You call them 'rest stops,' New York calls them 'text zones'

The traditional rest stop is no longer just for resting... it's for texting. New York's new road sign program combats distracted driving by promoting 'texting zones' to remind drivers to pull over and text legally instead of while driving. 

Jay LaPrete/ AP Photo / File
A cell phone zone located near Muirfield Village Golf Club in Dublin, Ohio. New York Governor Andrew Cuomo recently announced that road signs will advertise rest stops as 'text stops' as a program to combat distracted driving.

The noble rest stop: an oasis of the interstate where weary travelers can relieve themselves, grab a soda, and do a few jumping jacks to perk up for the long drive ahead. 

Now, the rest stop is also the place to make phone calls and send text messages -- at least in New York State. 

This week, New York governor Andrew Cuomo announced a new program to combat distracted driving. It doesn't require any office buildings, no new governmental agencies, just the addition of several hundred signs along the state's thoroughfares. 

According to a press release from Cuomo's office, "Existing Park-n-Ride facilities, rest stops, and parking areas along the Thruway and Highways will dual-function as Texting Zones, and signage will be placed along the highway to inform drivers where the Zones are located. A total of 298 signs will be located along major highways across the state, notifying motorists to 91 Texting Zone locations."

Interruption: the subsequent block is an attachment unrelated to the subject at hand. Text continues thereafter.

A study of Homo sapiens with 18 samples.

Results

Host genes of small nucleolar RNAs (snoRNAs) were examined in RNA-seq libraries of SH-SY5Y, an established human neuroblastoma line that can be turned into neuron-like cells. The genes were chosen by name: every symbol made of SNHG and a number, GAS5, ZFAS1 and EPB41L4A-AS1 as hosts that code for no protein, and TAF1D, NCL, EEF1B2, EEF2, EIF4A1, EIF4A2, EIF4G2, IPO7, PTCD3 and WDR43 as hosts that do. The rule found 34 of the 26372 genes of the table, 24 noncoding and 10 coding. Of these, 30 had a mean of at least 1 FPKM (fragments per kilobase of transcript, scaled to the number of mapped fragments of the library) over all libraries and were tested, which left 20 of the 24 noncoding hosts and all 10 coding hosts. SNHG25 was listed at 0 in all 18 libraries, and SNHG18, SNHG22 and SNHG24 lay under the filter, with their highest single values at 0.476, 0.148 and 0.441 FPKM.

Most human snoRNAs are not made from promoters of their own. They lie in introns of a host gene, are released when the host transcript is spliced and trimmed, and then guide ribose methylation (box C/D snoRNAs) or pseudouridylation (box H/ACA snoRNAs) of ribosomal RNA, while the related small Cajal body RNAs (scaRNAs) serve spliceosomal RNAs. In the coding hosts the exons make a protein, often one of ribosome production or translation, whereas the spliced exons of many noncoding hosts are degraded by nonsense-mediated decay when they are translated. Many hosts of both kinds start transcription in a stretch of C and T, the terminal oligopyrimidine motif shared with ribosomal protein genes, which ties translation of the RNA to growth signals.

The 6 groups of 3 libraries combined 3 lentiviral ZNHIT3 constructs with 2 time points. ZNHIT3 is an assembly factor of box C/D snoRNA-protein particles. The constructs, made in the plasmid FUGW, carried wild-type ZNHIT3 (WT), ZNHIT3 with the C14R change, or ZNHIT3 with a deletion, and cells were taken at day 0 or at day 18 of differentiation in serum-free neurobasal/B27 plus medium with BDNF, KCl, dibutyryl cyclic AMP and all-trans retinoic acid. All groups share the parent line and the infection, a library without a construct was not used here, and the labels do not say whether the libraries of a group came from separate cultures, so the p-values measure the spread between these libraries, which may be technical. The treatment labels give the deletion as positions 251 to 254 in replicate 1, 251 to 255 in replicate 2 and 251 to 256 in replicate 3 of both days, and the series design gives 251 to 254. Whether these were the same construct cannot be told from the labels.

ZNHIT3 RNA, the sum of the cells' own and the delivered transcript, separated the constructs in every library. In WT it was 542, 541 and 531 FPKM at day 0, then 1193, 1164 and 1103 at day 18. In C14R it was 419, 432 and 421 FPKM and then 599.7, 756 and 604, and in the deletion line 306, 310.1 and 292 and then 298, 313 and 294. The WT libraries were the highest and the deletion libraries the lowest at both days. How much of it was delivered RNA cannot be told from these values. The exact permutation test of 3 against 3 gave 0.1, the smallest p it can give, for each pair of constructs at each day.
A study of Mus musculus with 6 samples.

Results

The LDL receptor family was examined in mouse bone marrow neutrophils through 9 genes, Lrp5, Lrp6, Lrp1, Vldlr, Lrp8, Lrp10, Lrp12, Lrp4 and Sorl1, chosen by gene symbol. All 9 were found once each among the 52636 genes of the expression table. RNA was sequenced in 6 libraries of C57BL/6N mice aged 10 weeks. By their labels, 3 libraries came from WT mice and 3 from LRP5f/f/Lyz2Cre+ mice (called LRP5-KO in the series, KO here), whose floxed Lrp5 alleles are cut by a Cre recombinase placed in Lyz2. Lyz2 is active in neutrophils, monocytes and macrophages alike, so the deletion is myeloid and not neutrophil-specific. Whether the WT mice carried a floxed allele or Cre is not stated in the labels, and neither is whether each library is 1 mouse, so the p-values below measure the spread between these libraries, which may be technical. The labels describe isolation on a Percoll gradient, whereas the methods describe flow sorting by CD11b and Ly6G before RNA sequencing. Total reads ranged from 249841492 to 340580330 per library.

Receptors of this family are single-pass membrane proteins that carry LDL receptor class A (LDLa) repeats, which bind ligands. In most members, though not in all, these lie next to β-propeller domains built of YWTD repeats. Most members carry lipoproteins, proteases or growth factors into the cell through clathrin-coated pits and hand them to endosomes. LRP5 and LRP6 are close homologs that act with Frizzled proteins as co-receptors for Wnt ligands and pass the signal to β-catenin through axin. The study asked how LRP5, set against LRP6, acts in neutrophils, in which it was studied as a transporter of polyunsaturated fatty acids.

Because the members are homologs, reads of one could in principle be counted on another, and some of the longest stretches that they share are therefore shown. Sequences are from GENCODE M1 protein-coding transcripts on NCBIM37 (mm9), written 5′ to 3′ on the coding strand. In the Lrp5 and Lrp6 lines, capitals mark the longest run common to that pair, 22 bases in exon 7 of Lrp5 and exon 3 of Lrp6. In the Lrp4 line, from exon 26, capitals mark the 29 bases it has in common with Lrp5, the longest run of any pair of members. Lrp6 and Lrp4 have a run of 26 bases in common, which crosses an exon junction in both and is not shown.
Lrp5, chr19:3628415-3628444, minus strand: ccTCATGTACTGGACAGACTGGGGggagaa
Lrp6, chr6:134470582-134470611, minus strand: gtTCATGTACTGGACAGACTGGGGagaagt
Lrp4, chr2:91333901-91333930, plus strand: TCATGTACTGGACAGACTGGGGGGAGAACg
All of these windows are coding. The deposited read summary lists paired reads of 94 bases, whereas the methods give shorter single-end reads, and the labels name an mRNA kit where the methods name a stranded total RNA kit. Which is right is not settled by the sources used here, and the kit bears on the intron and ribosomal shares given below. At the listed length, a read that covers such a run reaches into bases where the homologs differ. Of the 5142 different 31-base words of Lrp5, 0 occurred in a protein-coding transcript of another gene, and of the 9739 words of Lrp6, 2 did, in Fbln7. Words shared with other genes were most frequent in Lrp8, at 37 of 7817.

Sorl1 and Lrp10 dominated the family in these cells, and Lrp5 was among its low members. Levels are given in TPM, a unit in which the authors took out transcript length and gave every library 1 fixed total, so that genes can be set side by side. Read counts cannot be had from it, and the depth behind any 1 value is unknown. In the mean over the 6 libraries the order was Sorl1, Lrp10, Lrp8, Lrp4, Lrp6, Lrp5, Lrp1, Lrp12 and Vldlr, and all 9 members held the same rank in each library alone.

There aren't any special services provided at these "Texting Zones" -- there's no mention of improved cell reception or free wifi. As Cuomo says, the signs simply "remind[] drivers that there is a nearby opportunity for them to legally and safely use their phone."

But Cuomo's plan doesn't simply involve rebranding roadside stops. New York State Police have also beefed up enforcement of laws meant to combat distracted driving. In fact, over the summer, police issued 21,580 tickets for distracted driving, a 365 percent increase over the 5,208 tickets issued in 2012.

Earlier this year, those tickets carried a fine of up to $100 and put three points on the offending party's driver's license. Over the summer, penalties ramped up to fines of $150 and five license points. That's probably as good a way as any to make drivers put down their phones and pay attention.